Hell's Bay Boatworks has reached an out-of-court settlement with Beavertail Skiffs in regard to the anti-splashing lawsuit it filed last fall against the Minnesota boatbuilder.
Though the exact terms of the settlement were not disclosed, Hell's Bay's president Chris Peterson said he was pleased with the results of the outcome, which he says included Hell's Bay receiving monetary compensation and that the current Beavertail designs would be discontinued and the molds destroyed.
"While no liability was found or admitted in the settlement we feel that the results of the settlement should show the marine industry that marine intellectual property rights can be protected," Peterson said in a statement.
Beavertail president Mark Fisher says his company did not splash the hulls or infringe on patents or copyrights.
"What Hell's Bay has made it sound like in their press release is that they're completely happy with the outcome because they got monetary gain out of it, when the truth of the matter is [the agreement] says, 'No party to this agreement may declare that they won or prevailed in this lawsuit, or declare that liability was admitted by or found against any of the parties,' " Fisher told Soundings Trade Only this morning.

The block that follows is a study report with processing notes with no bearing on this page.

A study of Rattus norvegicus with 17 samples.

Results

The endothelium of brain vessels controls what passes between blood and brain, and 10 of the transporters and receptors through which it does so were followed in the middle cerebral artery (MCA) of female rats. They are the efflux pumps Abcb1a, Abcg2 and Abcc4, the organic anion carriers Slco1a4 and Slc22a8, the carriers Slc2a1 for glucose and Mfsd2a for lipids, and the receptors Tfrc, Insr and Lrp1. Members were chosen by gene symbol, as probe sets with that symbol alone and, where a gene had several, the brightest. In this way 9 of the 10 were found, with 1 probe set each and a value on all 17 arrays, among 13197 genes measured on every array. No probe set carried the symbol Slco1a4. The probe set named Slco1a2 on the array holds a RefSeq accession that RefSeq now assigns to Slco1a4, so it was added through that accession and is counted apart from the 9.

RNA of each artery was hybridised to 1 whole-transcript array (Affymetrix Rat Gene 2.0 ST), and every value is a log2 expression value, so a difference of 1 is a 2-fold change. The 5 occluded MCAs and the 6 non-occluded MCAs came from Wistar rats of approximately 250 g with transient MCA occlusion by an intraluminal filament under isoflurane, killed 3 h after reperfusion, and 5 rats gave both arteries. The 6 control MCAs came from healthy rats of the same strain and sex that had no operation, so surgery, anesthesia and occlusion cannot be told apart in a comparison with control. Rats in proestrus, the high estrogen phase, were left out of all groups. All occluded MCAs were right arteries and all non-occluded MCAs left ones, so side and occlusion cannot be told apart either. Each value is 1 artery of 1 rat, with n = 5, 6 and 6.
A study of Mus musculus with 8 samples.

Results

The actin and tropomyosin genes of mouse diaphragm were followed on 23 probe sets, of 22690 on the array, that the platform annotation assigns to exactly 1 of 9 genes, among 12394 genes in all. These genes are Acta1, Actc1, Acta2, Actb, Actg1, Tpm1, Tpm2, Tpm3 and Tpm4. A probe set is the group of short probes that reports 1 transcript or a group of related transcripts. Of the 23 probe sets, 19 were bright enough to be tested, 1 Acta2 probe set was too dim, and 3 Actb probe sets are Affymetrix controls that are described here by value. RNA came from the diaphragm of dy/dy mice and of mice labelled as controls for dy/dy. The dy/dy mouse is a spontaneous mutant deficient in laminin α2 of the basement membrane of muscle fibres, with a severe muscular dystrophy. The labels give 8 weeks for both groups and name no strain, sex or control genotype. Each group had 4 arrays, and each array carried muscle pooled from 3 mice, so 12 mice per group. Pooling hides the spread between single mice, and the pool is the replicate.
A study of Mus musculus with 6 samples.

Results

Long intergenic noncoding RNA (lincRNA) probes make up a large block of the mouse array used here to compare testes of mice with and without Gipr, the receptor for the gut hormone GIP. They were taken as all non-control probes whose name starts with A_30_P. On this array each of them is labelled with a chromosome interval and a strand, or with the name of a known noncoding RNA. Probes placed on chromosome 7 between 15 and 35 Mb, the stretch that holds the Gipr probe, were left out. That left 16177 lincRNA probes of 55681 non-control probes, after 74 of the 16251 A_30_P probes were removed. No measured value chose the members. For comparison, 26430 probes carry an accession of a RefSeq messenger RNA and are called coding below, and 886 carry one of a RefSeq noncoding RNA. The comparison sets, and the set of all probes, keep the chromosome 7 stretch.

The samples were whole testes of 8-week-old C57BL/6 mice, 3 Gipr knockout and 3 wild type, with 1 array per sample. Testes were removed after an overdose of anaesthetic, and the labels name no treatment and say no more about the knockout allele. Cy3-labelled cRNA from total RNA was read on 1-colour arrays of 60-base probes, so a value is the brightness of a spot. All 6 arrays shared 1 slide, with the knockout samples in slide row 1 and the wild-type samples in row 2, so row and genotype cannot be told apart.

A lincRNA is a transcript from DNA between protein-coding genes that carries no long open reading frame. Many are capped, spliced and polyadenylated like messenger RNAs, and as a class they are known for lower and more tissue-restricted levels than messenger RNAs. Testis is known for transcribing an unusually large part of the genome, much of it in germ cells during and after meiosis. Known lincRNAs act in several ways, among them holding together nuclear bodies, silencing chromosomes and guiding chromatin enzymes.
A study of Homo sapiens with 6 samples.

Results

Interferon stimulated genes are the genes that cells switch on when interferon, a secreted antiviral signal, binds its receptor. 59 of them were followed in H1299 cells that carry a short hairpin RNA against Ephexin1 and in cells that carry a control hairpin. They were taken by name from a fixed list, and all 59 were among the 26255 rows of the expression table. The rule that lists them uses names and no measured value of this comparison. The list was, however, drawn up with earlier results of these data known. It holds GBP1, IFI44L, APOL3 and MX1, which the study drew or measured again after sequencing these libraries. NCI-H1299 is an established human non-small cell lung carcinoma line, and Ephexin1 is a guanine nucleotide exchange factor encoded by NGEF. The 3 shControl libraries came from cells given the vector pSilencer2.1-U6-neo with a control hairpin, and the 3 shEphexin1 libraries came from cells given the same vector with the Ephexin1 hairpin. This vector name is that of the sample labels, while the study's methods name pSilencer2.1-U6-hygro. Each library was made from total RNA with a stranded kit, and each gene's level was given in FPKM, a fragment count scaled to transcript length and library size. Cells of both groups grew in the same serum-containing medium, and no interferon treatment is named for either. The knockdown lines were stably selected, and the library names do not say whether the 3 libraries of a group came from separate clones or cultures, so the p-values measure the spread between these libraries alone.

Fisher went on to say that Hell's Bay paid his company to stop building the boats.
"For us it was a good time because we had built over 400 hulls out of that mold already and we needed to replace our mold, so basically they got hornswaggled by a bunch of farmers up here in Minnesota to pay for all of our new molds," he said. "That's the truth of the lawsuit."
Peterson could not be reached this morning for additional comment.
Hell's Bay Holdings, Inc. filed the complaint against Fisher Beavertail Manufacturing in November alleging Fisher Beavertail had splashed Hell's Bay's Waterman models.
Though Fisher Beavertail Manufacturing is an Avon, Minn.-based corporation, the lawsuit alleged Beavertail built, distributed, marketed and sold the copied skiffs in Florida injurious to the Hell's Bay designed and manufactured boats headquartered in Titusville, Fla.
The suit was filed in the U.S. District Court for the Middle District of Florida, Orlando Division. Hell's Bay had asked for a jury trial before a settlement was reached.
Hell's Bay brought five counts against Beavertail that included design patent infringement, trade dress infringement, unfair and deceptive trade practices and violations of Florida's anti-dilution statute.
A decade ago Hell's Bay was formed to create a new style of shallow water fishing skiff that incorporated many new design ideas that now give Hell's Bay a distinctive look. That look has now become the trade dress for a Hell's Bay skiff.
"One key portion of our lawsuit was the trade dress infringement," Peterson said. "Registered or not, trade dress is a protectable right. It's the unique, distinctive design and look of a product. Our boat designs are covered by design patents and our distinctive trade dress.
"We feel that other manufacturers have copied our designs and we will be evaluating those infringements as we decide to go after other builders who we feel copied us," he added.
Fisher added that Beavertail's settlement was paid by its insurance company and nothing came out of the company's pocket.
"We're in stronger and better shape today than we've ever been," he said.